The president of helicopter supply company Sunrise Helicopter has filed a petition to revise a 2008 NTSB report that held the company partially responsible for the January 2006 crash of a Eurocopter AS 350D.
The Safety Board concluded that the helicopter lost engine power during a Hawaiian sightseeing flight and crashed due to “significant” engine-bearing damage and heat distress suffered during an oil-starvation event seven years earlier. The NTSB also blamed Kahului, Hawaii-based Alika Aviation (operating as Alex Air) and the engine leasing agent, Spring, Texas-based Sunrise Helicopter, for failing to “ensure the engine’s airworthiness.”
However, the petition claims the Safety Board’s conclusions were “erroneous” and based on “incorrect factual findings.” The petition disputes the “oil-starvation event” for example, and claims the maintenance records “do not agree with this finding.”
The maintenance logs show that the oil starvation event occurred on another engine, and the turbine from that engine was then removed, underwent a complete bearing replacement and was later placed in the engine involved in the 2006 crash.
Sunrise president John Peacocke attributes the “erroneous” conclusion of the NTSB on a misinterpretation of the logbooks by the Rolls-Royce investigator who contributed to the investigation. “I can’t believe they didn’t do due diligence in reading the logbooks,” Peacocke said. “They misinterpreted them.”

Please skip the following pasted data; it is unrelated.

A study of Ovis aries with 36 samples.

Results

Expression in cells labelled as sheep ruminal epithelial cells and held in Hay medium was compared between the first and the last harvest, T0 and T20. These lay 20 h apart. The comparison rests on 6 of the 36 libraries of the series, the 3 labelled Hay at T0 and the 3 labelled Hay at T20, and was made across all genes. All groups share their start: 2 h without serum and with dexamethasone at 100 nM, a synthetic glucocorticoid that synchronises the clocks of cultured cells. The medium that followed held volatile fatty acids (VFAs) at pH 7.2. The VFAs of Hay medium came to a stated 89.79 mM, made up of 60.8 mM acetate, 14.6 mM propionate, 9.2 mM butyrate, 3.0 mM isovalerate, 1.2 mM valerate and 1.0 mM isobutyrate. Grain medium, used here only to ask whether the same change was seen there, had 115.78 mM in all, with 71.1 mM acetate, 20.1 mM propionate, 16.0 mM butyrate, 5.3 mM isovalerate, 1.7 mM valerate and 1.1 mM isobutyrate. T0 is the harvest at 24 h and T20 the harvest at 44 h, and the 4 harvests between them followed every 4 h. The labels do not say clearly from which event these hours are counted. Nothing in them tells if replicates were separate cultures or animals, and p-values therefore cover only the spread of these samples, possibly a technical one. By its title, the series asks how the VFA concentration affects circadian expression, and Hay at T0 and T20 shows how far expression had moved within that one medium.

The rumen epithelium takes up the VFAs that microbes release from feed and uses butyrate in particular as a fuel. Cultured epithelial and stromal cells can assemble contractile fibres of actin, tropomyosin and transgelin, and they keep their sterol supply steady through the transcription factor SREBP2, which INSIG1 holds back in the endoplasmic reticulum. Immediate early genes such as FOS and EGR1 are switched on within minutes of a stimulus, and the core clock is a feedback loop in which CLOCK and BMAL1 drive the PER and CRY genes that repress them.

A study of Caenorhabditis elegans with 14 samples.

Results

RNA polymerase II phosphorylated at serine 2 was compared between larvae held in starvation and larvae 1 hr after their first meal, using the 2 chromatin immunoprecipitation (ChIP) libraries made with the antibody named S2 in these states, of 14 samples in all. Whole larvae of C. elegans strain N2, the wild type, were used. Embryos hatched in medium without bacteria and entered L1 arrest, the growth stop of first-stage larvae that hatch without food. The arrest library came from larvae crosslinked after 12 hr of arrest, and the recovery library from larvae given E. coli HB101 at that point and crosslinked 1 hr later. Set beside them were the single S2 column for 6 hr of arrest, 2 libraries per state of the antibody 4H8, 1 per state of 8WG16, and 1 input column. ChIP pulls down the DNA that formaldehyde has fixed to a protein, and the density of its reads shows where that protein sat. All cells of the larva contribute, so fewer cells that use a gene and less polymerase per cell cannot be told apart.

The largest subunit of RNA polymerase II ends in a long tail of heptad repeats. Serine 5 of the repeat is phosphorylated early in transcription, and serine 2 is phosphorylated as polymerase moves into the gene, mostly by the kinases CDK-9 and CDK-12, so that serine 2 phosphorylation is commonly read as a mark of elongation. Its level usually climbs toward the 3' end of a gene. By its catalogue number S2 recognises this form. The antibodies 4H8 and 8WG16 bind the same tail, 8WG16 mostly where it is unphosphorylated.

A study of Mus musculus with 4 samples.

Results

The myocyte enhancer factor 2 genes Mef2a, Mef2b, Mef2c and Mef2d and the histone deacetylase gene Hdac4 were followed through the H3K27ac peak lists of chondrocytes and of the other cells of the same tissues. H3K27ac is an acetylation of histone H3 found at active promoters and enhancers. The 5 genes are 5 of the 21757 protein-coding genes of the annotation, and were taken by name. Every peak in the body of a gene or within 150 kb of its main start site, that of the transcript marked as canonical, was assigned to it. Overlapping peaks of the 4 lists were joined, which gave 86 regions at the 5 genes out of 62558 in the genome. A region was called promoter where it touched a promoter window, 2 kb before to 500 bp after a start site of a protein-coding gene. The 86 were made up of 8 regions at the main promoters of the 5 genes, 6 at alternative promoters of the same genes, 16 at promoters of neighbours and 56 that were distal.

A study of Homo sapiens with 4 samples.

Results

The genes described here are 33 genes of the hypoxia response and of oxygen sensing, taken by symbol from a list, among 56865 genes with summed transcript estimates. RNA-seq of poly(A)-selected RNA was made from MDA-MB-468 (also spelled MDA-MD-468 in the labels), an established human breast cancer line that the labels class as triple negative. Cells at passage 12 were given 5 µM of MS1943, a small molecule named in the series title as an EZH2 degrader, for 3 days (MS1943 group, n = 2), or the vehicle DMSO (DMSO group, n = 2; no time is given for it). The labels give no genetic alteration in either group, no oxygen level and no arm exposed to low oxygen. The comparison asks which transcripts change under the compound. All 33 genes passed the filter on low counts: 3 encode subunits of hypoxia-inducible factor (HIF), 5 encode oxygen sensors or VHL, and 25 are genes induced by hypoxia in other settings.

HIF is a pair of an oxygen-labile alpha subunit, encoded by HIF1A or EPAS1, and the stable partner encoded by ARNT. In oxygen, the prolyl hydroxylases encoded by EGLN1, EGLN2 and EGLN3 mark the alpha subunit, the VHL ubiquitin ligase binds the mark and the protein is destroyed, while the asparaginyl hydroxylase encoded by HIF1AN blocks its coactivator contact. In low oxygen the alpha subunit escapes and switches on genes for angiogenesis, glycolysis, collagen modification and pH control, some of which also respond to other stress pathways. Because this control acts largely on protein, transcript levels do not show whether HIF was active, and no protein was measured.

Sunrise also disputes the accusation that the company failed “to ensure the engine’s airworthiness.” According to Peacocke, the NTSB report does not address the fact that the engine was inspected and found to be airworthy by three different companies, all certified by the FAA per 14 CFR Parts 65 and/or 145; nor does it mention that Lafayette, La.-based Petroleum Helicopters (PHI) owned the engine before Sunrise Helicopters.
An NTSB spokesman told HAI Convention News that the Safety Board never investigated the ownership of the engine at the time of the alleged oil starvation event and only noted that evidence of the event existed and that it contributed to the accident seven years later. “We don’t really see that [the ownership] is relevant.”
Lastly, investigators said they found “numerous discrepancies” in the engine logbooks and could not positively identify the engine’s serial number because the data plate had been “defaced.” Sunrise also disputes these claims, mainly because the information was “furnished to the NTSB from a non-NTSB member of the party to the investigation.” In addition, Peacocke said that although an engine modification had made the data plate “difficult to read,” he said he believes the word “defaced” was “mean-spirited.”
In total, the petition requests 15 changes to the final report. An NTSB spokeswoman said the Safety Board “would not be able to offer any remarks about any effort to overturn our findings. We do always welcome any additional information about a case and, on occasion, the reports are changed to reflect new information that makes a difference in the probable cause,” she said, adding that the Safety Board receives petitions to revise reports “on occasion.”